Brian Naylor

NPR News' Brian Naylor is a correspondent on the Washington Desk.

In this role, he covers politics and federal agencies, including transportation and homeland security.

With more than 30 years of experience at NPR, Naylor has served as National Desk correspondent, White House correspondent, congressional correspondent, foreign correspondent and newscaster during All Things Considered. He has filled in as host on many NPR programs, including Morning Edition, Weekend Edition and Talk of the Nation.

During his NPR career, Naylor has covered many of the major world events, including political conventions, the Olympics, the White House, Congress and the mid-Atlantic region. Naylor reported from Tokyo in the aftermath of the 2011 earthquake and tsunami, from New Orleans following the BP oil spill, and from West Virginia after the deadly explosion at the Upper Big Branch coal mine.

While covering the U.S. Congress in the mid-1990s, Naylor's reporting contributed to NPR's 1996 Alfred I. duPont-Columbia Journalism award for political reporting.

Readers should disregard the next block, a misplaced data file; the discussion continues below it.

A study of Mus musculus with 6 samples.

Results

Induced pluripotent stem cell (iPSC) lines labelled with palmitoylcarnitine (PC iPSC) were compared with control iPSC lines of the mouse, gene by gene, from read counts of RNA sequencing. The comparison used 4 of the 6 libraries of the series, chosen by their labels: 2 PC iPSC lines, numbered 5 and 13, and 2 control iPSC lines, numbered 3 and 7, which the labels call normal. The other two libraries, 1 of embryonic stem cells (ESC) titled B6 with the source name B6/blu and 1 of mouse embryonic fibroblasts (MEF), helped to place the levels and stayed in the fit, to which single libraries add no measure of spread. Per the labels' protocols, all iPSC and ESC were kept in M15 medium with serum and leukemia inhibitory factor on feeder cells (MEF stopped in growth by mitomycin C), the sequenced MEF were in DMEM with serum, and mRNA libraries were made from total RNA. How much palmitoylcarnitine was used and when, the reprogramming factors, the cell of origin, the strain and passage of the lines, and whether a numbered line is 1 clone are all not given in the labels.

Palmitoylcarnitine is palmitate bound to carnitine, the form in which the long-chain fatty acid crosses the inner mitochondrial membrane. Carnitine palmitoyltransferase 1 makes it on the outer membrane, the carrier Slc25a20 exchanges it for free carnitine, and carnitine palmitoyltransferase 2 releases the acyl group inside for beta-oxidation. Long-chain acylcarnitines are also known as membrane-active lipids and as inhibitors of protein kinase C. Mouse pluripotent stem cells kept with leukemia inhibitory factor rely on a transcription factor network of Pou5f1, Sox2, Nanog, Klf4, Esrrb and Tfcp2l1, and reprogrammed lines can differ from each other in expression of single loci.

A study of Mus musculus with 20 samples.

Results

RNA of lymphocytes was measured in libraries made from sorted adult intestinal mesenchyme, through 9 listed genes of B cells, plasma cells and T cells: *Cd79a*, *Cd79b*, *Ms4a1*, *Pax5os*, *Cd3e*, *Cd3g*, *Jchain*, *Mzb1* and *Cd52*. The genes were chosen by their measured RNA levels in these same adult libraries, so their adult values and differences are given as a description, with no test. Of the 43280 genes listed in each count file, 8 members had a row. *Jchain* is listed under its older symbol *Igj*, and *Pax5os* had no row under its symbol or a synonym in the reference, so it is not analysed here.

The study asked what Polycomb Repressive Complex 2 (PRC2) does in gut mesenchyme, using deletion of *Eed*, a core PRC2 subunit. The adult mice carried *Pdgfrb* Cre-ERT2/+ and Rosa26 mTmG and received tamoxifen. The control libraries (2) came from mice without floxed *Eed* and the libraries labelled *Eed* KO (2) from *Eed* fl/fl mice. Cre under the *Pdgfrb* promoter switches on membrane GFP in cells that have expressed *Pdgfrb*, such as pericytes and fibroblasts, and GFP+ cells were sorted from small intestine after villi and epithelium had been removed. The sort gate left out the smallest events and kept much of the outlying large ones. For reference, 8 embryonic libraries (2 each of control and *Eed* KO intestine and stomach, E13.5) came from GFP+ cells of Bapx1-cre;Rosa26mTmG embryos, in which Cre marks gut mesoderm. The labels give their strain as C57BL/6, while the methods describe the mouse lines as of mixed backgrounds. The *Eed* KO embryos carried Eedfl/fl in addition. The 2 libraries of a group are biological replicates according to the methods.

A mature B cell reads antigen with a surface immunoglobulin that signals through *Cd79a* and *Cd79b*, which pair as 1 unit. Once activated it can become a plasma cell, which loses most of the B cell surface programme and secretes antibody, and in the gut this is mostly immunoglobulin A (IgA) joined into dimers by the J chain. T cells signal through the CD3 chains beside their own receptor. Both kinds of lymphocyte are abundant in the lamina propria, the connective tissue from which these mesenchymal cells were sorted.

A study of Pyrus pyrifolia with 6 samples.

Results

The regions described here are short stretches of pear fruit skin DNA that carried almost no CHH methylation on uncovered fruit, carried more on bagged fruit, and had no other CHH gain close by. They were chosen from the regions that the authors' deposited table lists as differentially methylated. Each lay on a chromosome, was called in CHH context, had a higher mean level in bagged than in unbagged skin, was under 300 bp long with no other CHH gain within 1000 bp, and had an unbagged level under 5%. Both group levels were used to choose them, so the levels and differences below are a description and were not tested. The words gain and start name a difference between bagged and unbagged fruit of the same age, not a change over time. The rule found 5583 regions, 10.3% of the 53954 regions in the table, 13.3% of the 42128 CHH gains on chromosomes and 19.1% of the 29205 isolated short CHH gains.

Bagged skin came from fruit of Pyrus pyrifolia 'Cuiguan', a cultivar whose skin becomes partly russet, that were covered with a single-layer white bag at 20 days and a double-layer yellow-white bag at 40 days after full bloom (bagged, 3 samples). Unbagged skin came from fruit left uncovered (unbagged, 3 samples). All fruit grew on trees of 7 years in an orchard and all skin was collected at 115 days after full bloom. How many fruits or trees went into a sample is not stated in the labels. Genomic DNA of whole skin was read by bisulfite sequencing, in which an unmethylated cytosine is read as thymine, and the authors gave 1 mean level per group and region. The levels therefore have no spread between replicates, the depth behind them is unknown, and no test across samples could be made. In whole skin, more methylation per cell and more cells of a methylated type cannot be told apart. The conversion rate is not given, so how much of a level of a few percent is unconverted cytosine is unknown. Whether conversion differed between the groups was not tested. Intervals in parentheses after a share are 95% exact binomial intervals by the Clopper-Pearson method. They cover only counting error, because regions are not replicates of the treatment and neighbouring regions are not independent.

Before coming to NPR in 1982, Naylor worked at NPR Member Station WOSU in Columbus, Ohio, and at a commercial radio station in Maine.

He earned a Bachelor of Arts degree from the University of Maine.


RENEE MONTAGNE, HOST:

The Internal Revenue Service has warned of tax season chaos if Congress fails to pass a series of breaks by the end of November. The so-called tax extenders include everything from deductions for school teachers who buy classroom supplies to faster depreciation for business equipmentent.


RENEE MONTAGNE, HOST:

On this Election Day, the big question is whether Republicans will take over control of the Senate, a political shakeup with lots of ramifications for what gets done in Washington and how that affects the rest of us.


BRIAN NAYLOR, BYLINE: This is Brian Naylor in Greensboro, North Carolina, where I caught up with 18-year-old Krisha Capellan, who spent this splendid fall day out knocking on doors.



The software encrypts the data on smartphones and other mobile devices so that not even the companies themselves will be able to access the information.

Low morale could be partly to blame for the recent spate of security lapses at the Secret Service.

The agency with the responsibility for protecting the president, vice president and their families rates in the bottom third in job satisfaction rankings within the federal government.

The root of that discontent could be bureaucratic. The Secret Service, which was created in 1865 to fight counterfeiters, traces its heritage back to the U.S. Treasury Department. It didn't get into the business of protecting presidents until 1901 after the assassination of President McKinley.